CES 09: Hands On With Mad Catz's Street Fighter IV Tournament Sticks

Illustration for article titled CES 09: Hands On With Mad Catzs Street Fighter IV Tournament Sticks

Get ready to change your opinion about Mad Catz. The third-party controller maker may have made one of the best arcade sticks to ever grace these shores, thanks to its Tournament Edition Arcade FightStick.

Not only does this stick have authentic Sanwa arcade parts, sturdy construction and an arcade-perfect button layout, it comes loaded with smart design decisions. There's a panel on the back side that pops open, letting you tuck away the USB cord for storage or transport. Right next to that panel are the start and select buttons, relocated to prevent errant pausing during frantic button mashing.

And to the upper left on the top panel, just above the joystick is the unit's control panel. It's neat!

Illustration for article titled CES 09: Hands On With Mad Catzs Street Fighter IV Tournament Sticks

Mad Catz have included a Turbo switch, letting the player assign two-speeds of rapid-fire functionality to any button. Perfect for pulling off Blanka's electro-shock attack or Chun Li's hurricane kick, the Turbo button option is easy to turn on and off — and a row of LEDs shows which buttons are currently taking advantage of the cheat.

They've also added a switch that chooses which function the joystick will replicate, a controller's left analog stick, its D-pad or its right analog stick. This thing isn't just intended to be used for Street Fighter IV, despite its decoration.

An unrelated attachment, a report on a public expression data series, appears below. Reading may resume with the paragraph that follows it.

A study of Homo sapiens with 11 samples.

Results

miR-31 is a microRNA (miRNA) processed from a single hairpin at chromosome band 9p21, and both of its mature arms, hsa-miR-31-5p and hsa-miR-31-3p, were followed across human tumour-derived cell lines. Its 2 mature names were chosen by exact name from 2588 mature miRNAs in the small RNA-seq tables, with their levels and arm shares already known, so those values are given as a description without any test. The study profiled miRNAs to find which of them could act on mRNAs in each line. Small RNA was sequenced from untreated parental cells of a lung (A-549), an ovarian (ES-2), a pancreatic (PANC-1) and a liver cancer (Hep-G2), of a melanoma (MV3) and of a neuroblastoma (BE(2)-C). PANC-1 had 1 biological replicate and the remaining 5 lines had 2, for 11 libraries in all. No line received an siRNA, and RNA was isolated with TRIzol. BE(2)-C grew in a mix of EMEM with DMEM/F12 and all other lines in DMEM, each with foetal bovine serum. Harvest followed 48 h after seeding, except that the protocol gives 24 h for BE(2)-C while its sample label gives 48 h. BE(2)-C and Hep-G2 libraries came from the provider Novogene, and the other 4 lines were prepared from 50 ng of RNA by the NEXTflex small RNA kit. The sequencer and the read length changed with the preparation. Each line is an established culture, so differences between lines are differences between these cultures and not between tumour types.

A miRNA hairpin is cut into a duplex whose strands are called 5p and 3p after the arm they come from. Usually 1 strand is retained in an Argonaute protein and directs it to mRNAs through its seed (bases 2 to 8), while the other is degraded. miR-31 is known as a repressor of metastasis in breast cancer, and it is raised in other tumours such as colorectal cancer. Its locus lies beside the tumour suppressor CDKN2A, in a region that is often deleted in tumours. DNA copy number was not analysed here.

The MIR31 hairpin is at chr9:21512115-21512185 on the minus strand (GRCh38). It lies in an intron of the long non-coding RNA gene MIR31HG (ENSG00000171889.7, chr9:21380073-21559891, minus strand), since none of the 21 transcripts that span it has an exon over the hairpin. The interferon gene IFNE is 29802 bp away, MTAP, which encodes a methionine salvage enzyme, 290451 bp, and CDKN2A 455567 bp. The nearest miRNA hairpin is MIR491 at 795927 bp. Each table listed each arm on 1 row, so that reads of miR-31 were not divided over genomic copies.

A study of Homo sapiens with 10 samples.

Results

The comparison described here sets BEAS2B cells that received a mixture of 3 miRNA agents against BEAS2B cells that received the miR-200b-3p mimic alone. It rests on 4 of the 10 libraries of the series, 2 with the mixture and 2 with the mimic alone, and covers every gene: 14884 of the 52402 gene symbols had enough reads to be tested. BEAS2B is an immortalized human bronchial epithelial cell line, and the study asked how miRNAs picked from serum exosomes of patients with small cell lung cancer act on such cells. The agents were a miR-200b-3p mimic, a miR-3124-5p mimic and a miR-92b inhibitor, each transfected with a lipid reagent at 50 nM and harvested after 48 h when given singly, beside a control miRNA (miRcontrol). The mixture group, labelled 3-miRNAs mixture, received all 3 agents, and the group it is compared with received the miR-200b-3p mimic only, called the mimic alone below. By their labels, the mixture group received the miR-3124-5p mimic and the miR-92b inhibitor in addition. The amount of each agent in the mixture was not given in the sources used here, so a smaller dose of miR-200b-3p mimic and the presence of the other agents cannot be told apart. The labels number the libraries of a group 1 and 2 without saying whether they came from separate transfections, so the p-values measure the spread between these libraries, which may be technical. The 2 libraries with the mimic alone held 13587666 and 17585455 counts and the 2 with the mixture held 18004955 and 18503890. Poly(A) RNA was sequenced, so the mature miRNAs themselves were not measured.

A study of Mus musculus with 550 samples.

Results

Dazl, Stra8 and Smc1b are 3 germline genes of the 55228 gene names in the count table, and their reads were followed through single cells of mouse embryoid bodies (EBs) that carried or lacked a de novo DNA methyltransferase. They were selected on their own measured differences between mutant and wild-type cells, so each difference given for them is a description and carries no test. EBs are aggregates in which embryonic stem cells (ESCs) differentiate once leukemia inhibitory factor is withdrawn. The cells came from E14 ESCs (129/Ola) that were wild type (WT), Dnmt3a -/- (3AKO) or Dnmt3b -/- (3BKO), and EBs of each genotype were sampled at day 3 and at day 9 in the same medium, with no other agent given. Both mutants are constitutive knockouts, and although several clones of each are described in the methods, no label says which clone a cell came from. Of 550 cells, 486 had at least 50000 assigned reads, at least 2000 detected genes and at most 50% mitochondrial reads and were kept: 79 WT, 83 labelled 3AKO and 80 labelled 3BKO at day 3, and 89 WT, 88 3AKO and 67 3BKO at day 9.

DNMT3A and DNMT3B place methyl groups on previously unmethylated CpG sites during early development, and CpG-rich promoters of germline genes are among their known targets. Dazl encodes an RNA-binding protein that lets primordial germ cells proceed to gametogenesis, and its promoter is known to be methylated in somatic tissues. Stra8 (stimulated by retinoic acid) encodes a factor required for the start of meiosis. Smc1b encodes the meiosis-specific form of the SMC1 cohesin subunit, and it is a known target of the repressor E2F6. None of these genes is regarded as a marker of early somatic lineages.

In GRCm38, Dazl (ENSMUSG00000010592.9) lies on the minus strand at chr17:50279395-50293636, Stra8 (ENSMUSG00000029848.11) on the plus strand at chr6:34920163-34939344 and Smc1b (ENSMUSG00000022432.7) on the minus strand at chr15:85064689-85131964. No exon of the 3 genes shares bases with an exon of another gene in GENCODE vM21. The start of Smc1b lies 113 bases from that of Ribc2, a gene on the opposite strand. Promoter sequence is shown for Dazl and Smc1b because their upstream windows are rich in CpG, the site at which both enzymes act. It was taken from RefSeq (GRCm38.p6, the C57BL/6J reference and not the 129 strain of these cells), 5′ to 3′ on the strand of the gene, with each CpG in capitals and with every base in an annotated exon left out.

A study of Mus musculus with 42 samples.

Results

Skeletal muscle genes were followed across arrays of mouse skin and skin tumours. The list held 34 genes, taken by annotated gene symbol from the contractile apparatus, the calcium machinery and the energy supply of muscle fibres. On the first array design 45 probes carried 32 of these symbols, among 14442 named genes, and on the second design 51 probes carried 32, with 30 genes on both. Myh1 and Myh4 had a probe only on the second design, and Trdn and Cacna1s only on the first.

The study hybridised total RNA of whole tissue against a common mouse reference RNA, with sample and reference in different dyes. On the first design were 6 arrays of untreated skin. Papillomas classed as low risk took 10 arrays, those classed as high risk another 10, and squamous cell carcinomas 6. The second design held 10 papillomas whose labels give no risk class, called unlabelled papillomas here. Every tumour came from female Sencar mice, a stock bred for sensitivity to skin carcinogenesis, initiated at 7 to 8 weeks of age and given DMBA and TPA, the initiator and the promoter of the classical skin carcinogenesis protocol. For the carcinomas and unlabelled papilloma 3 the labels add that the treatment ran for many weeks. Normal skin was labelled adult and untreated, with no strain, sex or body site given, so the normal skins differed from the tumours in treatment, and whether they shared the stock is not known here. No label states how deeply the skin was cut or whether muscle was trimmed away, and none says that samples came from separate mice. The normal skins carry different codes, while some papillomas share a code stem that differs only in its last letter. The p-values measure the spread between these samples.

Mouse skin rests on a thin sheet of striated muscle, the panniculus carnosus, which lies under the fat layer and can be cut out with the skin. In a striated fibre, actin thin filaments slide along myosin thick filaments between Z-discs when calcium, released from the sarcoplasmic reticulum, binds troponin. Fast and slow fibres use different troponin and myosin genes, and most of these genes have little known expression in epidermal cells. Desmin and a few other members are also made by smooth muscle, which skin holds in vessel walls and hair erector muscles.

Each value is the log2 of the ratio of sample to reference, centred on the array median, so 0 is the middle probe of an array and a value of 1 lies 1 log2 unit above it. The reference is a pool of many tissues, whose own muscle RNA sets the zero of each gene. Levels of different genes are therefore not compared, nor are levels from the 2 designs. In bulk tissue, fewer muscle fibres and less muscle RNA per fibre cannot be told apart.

Finally, that little lock and unlock switch turns the Xbox 360's guide button — and, we assume, PlayStation 3's PS button — on or off, preventing any unintended game interruptions.


Yes, but how does it feel? Solid as a rock. The highest compliment we can pay to it is that it just feels right, like we were playing Street Fighter IV on a Vewlix arcade cabinet.

And while the Tournament Edition Arcade FightStick feels hefty, it's not obese. If you're going to be really violent with the stick, it will move, for better or worse. Thankfully, if you're going to be playing fighting games seriously, you may want to take advantage of the bolting screws on the bottom of the controller. And if you're going to take it further than that, you may want to swap out the Sanwa manufactured buttons for a different color scheme — it's moddable, should you be non-plussed about invalidating your warranty.


What else can we say, other than "Sold." The Tournament Edition stick, although a bit pricey at $150 USD, oozes value and attention to detail. We definitely look forward to spending more time with the Mad Catz stick for, you know, review purposes when it ships in February.


This is basically like Kia putting out a nice sports car and then trying to charge $100,000 for it, just because they noticed that a Ferrari costs that much.